More than 400,000 PAYE workers face tax bills on Friday for payments they received under Covid wage subsidy schemes.
Revenue announced late on Thursday that 27 per cent of all PAYE taxpayers – more than 600,000 people – had underpaid income tax or the universal social charge in 2020. However, one third of those do not relate to Covid payments as they have not received any pandemic wage support.
The amount outstanding is €458 million. PAYE workers will have four years from the start of next year to pay back any tax outstanding without incurring interest charges.
PAYE workers are unused to income-related tax bills, as any tax owing is usually deducted at source by their employers. However, no deductions were made from Covid wage subsidies at the instruction of the Government. That left hundreds of thousands of workers owing tax at the end of the year.
They will find out how much that bill is on preliminary end-of-year statements that will be available online from Friday on individuals’ Revenue MyAccount pages.
Revenue said another 706,000 people – about 30 per cent of all PAYE taxpayers – had overpaid during the year and would get refunds totalling €436 million.
A further one million employees are in a “balanced” position, meaning they neither owe money nor are due a refund.
Revenue noted that the statements issued are based on information on record, including earnings, tax deducted at source, payments under the temporary wage subsidy scheme and/or pandemic unemployment payments received from the Department of Social Protection.
"Revenue understands that 2020 was a difficult year for many employees," Declan Rigny, the head of Revenue's personal division, said.
He said the end-of-year statements would bring a level of visibility, assurance and certainty to those who were concerned about their position.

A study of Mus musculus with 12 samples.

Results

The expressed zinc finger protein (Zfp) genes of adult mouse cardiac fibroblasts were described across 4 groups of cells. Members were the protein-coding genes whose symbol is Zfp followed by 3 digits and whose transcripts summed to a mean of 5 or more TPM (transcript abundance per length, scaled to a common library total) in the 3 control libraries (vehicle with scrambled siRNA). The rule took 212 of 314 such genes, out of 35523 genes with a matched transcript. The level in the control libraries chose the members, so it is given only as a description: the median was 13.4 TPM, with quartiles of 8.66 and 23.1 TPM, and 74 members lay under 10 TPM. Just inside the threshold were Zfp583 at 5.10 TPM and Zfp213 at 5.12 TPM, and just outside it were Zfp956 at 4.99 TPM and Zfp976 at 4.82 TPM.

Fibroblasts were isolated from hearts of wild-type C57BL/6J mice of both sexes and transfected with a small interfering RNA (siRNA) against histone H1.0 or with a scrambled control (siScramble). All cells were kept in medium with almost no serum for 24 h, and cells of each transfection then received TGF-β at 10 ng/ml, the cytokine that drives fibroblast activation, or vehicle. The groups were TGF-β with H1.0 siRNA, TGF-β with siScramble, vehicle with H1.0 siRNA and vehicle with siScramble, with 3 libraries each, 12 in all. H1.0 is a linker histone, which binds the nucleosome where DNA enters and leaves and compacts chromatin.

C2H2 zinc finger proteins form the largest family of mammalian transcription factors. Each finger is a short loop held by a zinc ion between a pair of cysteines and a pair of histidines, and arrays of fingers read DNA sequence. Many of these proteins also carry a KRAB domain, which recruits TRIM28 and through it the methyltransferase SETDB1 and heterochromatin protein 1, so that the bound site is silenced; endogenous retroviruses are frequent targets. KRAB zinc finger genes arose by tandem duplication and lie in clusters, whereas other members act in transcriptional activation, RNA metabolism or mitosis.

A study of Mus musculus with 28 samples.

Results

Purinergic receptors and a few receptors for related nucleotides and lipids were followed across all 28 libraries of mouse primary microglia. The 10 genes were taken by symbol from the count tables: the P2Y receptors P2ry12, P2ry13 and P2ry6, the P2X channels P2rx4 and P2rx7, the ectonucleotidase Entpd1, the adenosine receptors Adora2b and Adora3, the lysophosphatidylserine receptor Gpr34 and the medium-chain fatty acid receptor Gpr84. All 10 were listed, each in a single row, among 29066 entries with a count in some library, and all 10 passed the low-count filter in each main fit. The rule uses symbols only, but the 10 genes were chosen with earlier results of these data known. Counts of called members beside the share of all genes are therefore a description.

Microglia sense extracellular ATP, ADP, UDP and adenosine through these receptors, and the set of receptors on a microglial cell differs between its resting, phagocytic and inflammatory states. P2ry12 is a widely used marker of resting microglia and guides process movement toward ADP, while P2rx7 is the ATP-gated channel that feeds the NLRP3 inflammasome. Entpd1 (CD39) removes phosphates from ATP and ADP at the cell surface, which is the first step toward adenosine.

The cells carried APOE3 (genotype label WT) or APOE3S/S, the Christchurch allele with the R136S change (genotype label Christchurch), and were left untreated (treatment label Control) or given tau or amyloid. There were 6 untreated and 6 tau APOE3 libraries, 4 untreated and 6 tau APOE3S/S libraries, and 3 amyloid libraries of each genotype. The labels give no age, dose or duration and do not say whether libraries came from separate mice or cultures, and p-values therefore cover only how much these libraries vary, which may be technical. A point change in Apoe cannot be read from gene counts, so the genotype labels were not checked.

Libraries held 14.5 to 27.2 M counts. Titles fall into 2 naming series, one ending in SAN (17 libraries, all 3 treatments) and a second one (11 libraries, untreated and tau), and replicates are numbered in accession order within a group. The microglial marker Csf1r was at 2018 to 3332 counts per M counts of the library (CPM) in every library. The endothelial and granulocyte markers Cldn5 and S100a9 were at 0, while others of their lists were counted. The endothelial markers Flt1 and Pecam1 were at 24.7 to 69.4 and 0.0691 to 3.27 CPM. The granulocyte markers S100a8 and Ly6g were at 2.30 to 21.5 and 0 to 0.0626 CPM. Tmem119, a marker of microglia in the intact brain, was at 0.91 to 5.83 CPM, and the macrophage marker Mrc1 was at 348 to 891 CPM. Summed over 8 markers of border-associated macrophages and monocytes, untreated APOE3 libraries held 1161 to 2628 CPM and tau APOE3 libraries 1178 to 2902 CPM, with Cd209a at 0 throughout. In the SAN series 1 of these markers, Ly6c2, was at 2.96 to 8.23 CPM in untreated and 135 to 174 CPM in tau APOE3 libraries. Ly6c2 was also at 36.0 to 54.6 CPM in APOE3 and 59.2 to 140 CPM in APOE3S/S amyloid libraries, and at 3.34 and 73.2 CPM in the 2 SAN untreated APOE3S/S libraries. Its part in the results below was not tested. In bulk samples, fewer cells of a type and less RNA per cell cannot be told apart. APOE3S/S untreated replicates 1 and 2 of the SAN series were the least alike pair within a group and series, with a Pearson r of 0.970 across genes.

About 165,000 workers would face a tax bill of less than €200, Mr Rigny said.
He said that 23 per cent of those who received a Covid wage support during the year would owe less than €500, with a further 15 per cent owing between €500 and €1,000.
With close to half of those in receipt of Covid payments owing no tax (or even being due a refund), that means around one in six of those who got payments will owe more than €1,000 in tax and universal social charge.
“Revenue is very aware that underpayments could cause financial difficulties for some people and wish to reassure these taxpayers that collection will not start until January 2022, one year from now,” Mr Rigny said.
People who have yet to submit returns to Revenue claiming for health expenses, nursing home fees, college fees and additional voluntary pension contributions could yet erase any bill outstanding or even find themselves due a refund when they file a return, Revenue said
Mr Rigny also said that about 5,600 employers had not returned details on wage subsidy payments made to approximately 50,000 employees. These workers could yet find themselves owing tax on those payments.